Review: Rudy’s Rare Records by Hackney Empire and Birmingham Repertory Theatre.

Rudys-recordsThis co-production by Birmingham Repertory Theatre and Hackney Empire ought to be a sure-fire success, written by Danny Robins, who penned the popular Radio 4 comedy series of the same name, and starring the talented Lenny Henry. Sadly, however, it was the most disappointing piece of theatre I have seen in a very long time.

For a start, the storyline was horribly clichéd, centering around three generations of a black British family. Grandpa, the eponymous Rudy, ably played by Larrington Walker, is a Jamaican immigrant whose record shop is his life. But the advent of the iPlayer has rendered vinyl obsolete and the shop is running into financial problems. To add to this, the ‘developers’ are moving in, pressuring Rudy to sell up to make way for a new supermarket. His son Adam, played by Lenny Henry, is a failed actor who has never seen eye-to-eye with his father, and who desperately wants him to see sense and get himself out of his financial hole by selling the shop.  Adam’s son, Richie, who is much closer to his grandfather than his father, has dropped out of college because he got a girl pregnant, but can’t tell his Dad – a set of situations which have been done to death a million times since the 1970s.

The satellite characters are Rudy’s friend, Clifton (Jeffery Kissoon), who runs the florist next door, Rudy’s long-suffering girlfriend, Doreen (Lorna Gayle), who runs the launderette, and Tasha (Natasha Godfrey), a seemingly-independent spirit who eventually succumbs to the financial pressure to conform. The cast is completed by a small band who occupy the room at the back of the shop and play most of the way through the show, supplying background and incidental music, and occasionally allowing the characters to burst into classic songs, which are agonisingly shoehorned into the plot, such as A Message to you Rudy by The Specials, and You Don’t Love Me (No no no) by Dawn Penn, sung by Doreen.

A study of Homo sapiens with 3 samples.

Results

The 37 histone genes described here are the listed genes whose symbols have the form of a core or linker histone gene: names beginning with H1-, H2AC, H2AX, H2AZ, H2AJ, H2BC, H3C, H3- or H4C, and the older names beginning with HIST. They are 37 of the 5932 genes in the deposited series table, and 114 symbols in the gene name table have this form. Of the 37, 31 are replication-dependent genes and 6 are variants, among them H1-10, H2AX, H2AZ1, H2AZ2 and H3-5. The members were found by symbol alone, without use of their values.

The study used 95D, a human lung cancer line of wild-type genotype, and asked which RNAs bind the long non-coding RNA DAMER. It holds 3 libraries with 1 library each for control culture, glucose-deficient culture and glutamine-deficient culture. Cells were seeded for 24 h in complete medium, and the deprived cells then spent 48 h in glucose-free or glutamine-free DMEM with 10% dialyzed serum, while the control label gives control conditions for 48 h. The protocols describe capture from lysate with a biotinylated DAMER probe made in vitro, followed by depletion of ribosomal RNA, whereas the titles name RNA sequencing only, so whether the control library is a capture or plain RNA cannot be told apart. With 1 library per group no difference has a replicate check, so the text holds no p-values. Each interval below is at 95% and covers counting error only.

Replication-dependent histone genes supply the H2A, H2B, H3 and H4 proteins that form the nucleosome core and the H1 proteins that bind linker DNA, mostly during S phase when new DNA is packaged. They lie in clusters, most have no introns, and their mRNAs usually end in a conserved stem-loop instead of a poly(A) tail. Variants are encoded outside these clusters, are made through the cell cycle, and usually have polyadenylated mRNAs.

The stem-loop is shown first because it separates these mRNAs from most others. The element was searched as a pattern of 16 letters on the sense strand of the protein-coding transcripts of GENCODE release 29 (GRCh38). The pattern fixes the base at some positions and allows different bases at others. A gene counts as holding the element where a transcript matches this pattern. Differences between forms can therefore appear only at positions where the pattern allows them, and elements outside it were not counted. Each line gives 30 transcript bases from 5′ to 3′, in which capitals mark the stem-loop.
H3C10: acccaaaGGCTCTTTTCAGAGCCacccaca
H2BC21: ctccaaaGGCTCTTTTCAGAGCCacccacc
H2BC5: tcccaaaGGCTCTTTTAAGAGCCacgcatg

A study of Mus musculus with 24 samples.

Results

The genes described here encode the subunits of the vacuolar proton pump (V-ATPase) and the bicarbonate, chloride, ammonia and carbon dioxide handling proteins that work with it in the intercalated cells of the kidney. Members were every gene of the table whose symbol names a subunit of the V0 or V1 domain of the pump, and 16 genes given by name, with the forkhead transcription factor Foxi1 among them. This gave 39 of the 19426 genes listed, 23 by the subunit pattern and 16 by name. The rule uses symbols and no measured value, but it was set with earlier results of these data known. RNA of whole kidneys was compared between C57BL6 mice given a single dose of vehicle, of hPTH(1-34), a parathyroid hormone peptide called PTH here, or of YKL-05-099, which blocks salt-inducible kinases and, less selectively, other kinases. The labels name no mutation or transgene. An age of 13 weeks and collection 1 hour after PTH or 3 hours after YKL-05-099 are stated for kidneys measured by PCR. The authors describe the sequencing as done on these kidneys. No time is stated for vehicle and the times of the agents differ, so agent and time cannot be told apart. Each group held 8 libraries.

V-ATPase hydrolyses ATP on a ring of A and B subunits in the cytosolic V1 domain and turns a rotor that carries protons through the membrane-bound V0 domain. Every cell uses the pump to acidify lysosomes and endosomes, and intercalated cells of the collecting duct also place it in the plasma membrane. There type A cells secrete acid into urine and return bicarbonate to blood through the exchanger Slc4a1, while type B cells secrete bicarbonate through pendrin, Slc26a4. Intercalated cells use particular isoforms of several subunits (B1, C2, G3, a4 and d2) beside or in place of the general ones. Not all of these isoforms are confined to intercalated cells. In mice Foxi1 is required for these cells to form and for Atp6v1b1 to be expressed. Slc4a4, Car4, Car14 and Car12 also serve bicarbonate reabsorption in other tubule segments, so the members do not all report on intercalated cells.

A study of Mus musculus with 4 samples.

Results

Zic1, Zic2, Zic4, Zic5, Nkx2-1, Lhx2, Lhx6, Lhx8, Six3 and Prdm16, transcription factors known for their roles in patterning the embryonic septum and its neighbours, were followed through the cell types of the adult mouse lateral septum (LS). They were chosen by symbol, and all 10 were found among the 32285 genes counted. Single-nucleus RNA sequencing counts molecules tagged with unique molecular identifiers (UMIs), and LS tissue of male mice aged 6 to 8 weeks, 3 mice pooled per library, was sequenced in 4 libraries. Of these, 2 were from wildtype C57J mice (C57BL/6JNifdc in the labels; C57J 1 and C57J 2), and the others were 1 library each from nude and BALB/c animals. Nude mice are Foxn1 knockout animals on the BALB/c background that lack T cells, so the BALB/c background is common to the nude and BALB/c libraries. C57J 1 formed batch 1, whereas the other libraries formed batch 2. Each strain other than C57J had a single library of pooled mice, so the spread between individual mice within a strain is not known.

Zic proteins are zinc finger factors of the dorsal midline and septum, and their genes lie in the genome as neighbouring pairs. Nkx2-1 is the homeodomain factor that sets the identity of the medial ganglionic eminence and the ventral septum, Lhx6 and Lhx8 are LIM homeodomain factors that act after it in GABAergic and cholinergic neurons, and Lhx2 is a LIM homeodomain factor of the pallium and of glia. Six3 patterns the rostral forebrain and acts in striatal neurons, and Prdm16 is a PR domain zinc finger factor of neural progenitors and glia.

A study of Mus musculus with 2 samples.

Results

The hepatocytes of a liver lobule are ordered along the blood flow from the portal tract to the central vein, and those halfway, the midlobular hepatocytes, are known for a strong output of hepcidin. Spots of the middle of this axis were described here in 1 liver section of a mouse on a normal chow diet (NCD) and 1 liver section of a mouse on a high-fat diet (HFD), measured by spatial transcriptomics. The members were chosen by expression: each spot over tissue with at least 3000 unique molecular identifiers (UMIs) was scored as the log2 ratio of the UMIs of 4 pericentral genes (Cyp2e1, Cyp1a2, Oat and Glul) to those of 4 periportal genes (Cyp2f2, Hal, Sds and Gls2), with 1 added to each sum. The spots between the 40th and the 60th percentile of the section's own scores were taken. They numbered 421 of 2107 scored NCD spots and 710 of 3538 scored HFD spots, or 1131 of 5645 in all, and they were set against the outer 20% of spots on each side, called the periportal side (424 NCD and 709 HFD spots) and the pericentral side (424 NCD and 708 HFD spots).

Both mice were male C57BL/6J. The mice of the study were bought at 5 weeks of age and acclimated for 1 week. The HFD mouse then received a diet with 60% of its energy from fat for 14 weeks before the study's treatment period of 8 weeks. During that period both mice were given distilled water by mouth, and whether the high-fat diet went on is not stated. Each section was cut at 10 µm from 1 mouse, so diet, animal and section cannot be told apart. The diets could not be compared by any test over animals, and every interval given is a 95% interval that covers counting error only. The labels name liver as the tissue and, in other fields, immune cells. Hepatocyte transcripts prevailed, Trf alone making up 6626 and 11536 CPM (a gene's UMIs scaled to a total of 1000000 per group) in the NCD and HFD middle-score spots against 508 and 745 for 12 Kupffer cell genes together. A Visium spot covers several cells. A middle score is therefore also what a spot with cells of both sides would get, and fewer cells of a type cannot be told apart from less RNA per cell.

Unfortunately, as well as being almost unbearably slow (the first half ran for 90 minutes and, during that time, very little happened other than the revelation that Richie had dropped out of college, which came moments before the interval), it wasn’t just the storyline that was clichéd; most of the dialogue was, too. Adam’s running joke about the parts he had been cast in (mugger … mugger … and his one starring role in Casualty … injured mugger), like most of the so-called humour, was appallingly dated. Lenny Henry tried valiantly to bring a sense of relaxation and realism to a script that forced its talented cast to posture and mug at the audience, but to no avail.

By far the best thing about the show was the set, designed by Libby Watson, which was beautifully intricate and evocative. Unfortunately we got to examine it in detail before the show started, and everything went downhill from there. My overriding memory of the evening was of Steaming meets Goodness Gracious Me, without the biting humour of either. If you’re over 60 and haven’t caught up with ‘modern’ comedy, you might well enjoy the show. Otherwise, I would steer well clear.